Georgia Democrat Stacey Abrams' campaign is calling on Republican Secretary of State Brian Kemp to resign following a report that his office is using a questionable verification law to suppress the minority vote in his bid to become the Peach State's next governor.
The call from the Abrams campaign comes after an Associated Press report revealed that Georgia has put a hold on 53,000 voter registration applications — nearly 70 percent of them belonging to African Americans — because they failed to clear the state's controversial "exact match" standard.
Under the policy, voter registration applications and their driver's license, social security or state ID records must have identical information. This means that any minor discrepancy, such as a typo, missing hyphen or middle initial could result in a rejection. The program has a long history of affecting minority voters.
"As he has done for years, Brian Kemp is maliciously wielding the power of his office to suppress the vote for political gain and silence the voices of thousands of eligible voters — the majority of them people of color," Abrams spokeswoman Abigail Collazo said in a statement.
Collazo urged Kemp, who is in charge of elections in the state, to step down "so that Georgia voters can have confidence that their Secretary of State competently and impartially oversee this election." Georgia Democrats were rejected when they made a similar demand in August.
Kemp's campaign insists that voters whose applications remain in "pending" status have 26 months to fix any issues before their application is removed, and can still cast a provisional ballot. It also said that since January, election officials have processed over 6.4 million voter registrations and less than one percent maintain in pending status.
"While outside agitators disparage this office and falsely attack us, we have kept our head down and remained focused on ensuring secure, accessible, and fair elections for all voters," Kemp said in a statement. "The fact is that it has never been easier to register to vote and get engaged in the electoral process in Georgia, and we are incredibly proud to report this new record."
Kemp and Abrams are in a dead heat, with the most recent polling and analysis predicting a toss-up on Election Day. Republicans have maintained control of the governorship since Democratic Gov. Roy Barnes finished his term in 2003. The current occupant, Gov. Nathan Deal, is currently wrapping his second term and will leave the office in January. Abrams, who has emerged as a national Democratic star during her primary campaign, is vying to become the first black woman elected governor in any state.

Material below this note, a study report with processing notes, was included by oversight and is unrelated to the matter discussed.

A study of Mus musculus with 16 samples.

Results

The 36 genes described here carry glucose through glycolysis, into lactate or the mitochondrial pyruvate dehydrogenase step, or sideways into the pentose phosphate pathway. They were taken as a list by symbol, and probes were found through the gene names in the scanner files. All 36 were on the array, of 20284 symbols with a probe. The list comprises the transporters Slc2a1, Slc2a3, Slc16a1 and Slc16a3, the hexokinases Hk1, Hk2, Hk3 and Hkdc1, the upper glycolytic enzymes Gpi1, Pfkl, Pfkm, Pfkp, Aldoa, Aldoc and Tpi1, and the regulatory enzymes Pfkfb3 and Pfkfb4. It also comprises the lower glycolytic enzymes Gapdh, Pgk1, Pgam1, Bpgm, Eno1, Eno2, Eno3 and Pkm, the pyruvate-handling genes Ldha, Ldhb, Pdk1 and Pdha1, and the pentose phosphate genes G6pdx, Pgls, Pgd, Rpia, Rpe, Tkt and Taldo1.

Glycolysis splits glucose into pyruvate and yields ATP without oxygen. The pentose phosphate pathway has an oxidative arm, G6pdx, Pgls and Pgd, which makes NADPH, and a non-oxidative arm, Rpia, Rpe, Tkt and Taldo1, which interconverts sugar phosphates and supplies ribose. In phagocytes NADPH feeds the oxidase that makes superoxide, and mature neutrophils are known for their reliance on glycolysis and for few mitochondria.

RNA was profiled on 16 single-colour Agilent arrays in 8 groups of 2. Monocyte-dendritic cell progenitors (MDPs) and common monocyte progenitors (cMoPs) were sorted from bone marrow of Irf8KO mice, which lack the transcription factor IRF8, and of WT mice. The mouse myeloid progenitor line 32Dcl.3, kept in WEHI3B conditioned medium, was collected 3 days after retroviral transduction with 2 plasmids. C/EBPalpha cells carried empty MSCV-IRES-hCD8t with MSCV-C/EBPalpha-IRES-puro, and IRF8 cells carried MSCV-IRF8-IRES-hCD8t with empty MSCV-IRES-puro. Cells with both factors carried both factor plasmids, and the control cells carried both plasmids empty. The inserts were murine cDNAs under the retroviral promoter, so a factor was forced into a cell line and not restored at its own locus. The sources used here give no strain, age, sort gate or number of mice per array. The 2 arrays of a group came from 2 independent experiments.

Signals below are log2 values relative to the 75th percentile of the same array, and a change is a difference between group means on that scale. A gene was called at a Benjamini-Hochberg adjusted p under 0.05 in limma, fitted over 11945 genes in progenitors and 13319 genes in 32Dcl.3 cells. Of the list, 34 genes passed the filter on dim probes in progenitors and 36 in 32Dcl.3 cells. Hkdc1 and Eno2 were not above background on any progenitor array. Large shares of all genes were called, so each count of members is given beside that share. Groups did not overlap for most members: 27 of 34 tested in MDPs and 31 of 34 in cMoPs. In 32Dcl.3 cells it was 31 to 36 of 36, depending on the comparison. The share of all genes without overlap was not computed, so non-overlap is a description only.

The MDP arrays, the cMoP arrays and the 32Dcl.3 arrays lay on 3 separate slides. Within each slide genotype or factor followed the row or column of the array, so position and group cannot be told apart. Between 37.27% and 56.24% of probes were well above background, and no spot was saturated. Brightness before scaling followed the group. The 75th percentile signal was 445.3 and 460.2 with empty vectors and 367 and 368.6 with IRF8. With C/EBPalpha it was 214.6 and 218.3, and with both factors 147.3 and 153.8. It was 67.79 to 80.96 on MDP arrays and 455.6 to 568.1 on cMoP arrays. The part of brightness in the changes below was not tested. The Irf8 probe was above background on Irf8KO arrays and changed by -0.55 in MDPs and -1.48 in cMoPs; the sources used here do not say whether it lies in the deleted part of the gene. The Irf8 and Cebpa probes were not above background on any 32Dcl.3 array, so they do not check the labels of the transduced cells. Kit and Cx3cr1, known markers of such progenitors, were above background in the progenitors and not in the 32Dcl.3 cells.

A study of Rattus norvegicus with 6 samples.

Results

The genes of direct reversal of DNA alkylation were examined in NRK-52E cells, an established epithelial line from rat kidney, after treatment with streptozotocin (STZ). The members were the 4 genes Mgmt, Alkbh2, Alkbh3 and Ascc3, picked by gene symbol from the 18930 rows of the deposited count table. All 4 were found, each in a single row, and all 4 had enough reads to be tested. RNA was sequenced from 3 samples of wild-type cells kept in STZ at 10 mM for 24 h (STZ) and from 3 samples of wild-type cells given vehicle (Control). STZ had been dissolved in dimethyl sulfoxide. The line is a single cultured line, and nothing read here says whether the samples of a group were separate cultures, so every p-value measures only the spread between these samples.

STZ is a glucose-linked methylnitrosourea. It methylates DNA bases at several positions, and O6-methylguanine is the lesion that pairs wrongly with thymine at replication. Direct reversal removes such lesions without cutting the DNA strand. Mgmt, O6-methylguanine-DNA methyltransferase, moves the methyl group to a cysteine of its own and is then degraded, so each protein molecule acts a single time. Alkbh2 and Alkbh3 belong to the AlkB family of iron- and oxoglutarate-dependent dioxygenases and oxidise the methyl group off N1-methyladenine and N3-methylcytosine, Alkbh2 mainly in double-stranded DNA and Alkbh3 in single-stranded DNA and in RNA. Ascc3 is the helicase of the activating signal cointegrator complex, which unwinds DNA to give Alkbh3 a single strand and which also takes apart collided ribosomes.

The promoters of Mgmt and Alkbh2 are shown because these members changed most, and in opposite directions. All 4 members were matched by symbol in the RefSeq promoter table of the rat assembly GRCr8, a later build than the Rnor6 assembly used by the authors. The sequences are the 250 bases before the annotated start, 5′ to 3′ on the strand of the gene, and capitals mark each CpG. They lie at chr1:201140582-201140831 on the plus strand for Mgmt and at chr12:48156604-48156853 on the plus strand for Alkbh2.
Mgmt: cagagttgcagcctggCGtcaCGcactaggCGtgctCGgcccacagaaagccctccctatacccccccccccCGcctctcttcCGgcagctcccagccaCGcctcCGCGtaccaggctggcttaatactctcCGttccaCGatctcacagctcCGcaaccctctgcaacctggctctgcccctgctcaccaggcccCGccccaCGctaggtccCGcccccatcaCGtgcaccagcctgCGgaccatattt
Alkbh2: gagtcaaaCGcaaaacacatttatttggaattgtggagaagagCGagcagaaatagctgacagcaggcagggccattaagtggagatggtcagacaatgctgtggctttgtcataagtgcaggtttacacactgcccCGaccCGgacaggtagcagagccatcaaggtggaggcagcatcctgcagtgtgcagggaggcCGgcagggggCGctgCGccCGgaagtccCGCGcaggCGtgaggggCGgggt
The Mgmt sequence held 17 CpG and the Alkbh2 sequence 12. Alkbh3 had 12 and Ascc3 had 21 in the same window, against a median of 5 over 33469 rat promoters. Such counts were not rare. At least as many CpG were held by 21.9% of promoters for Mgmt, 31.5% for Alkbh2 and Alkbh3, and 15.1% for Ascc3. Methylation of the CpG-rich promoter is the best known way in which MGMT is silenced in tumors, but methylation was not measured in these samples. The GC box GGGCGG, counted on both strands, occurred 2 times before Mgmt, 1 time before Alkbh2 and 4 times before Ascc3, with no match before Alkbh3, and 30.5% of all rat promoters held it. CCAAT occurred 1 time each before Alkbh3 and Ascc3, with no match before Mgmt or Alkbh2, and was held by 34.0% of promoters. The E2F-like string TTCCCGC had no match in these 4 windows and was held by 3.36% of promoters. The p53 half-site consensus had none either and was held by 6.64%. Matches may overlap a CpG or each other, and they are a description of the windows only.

Kemp has attacked the New Georgia Project, which was established by Abrahams when she was the Georgia House minority in an aim to register over 800,000 young and minority people to vote ahead of the 2014 elections. Less than two months before the 2014 midterm elections, Kemp subpoenaed the records of the organization, alleging that the group has committed voter fraud. In a speech to Republican supporters, he mentioned the defunct community-organizing group ACORN and warned that Democrats were relaying on "minority voters."
"Everybody remembers ACORN right? Well when ACORN was out registering people to vote, they were filling out applications, they were sending stuff in, you don't know who these people are, where they're from, the people that are registered, and the people that are filling those out," Kemp said.
At the time, Abrams said that out of 85,000 registrants, the group was aware of roughly 25 complaints about incomplete forms. According to CNN, no claims of misconduct were ever brought directly against the group and Abrams, her campaign said, is no longer involved in its activities.
A coalition of state civil rights groups, including the New Georgia Project, sued Kemp this week over the blocked registrations.
In a tweet shared Wednesday night, Kemp sought to defend himself against allegations of voter suppression and attempted to put the blame on the New Georgia Project, saying it had "submitted sloppy forms."
"Now, (the Abrams campaign is) faking outrage for political gain," he wrote, insisting that the "53,000 Georgians on our 'pending' list can vote in the Nov. 6th election."
In recent days, Georgia Democrats pumped the gas on their efforts to minimize concerns about being denied access at a polling place by promoting the party's "Voter Protection Hotline" on social media. In February, the Georgia Democratic Party became the first in the nation to hire a full-time internal elections watchdog.
Kemp has also come under intense scrutiny from voting rights advocates for removing more than one million "inactive" voters from Georgia's voting records since becoming the state's top elections official in 2010. In June, the practice was upheld by a 5-4 Supreme Court ruling, which was part of a larger Republican voter suppression effort, activists told News One.
As CNN notes, "the 'exact match' system was used by Kemp's office from 2013 to 2016, during which nearly 35,000 applications were rejected, with minorities disproportionately affected, according to a lawsuit that was settled in 2017. That agreement seemed to put an end to the practice, but the GOP-held legislature quickly embedded it in new legislation."
Abrams and Democratic groups have accused Kemp of "systematically using his office to suppress votes and tilt the election" and argued that the move disproportionately affects minority voters. In an appearance on "The Daily Show," Abrams called Kemp "a remarkable architect of voter suppression."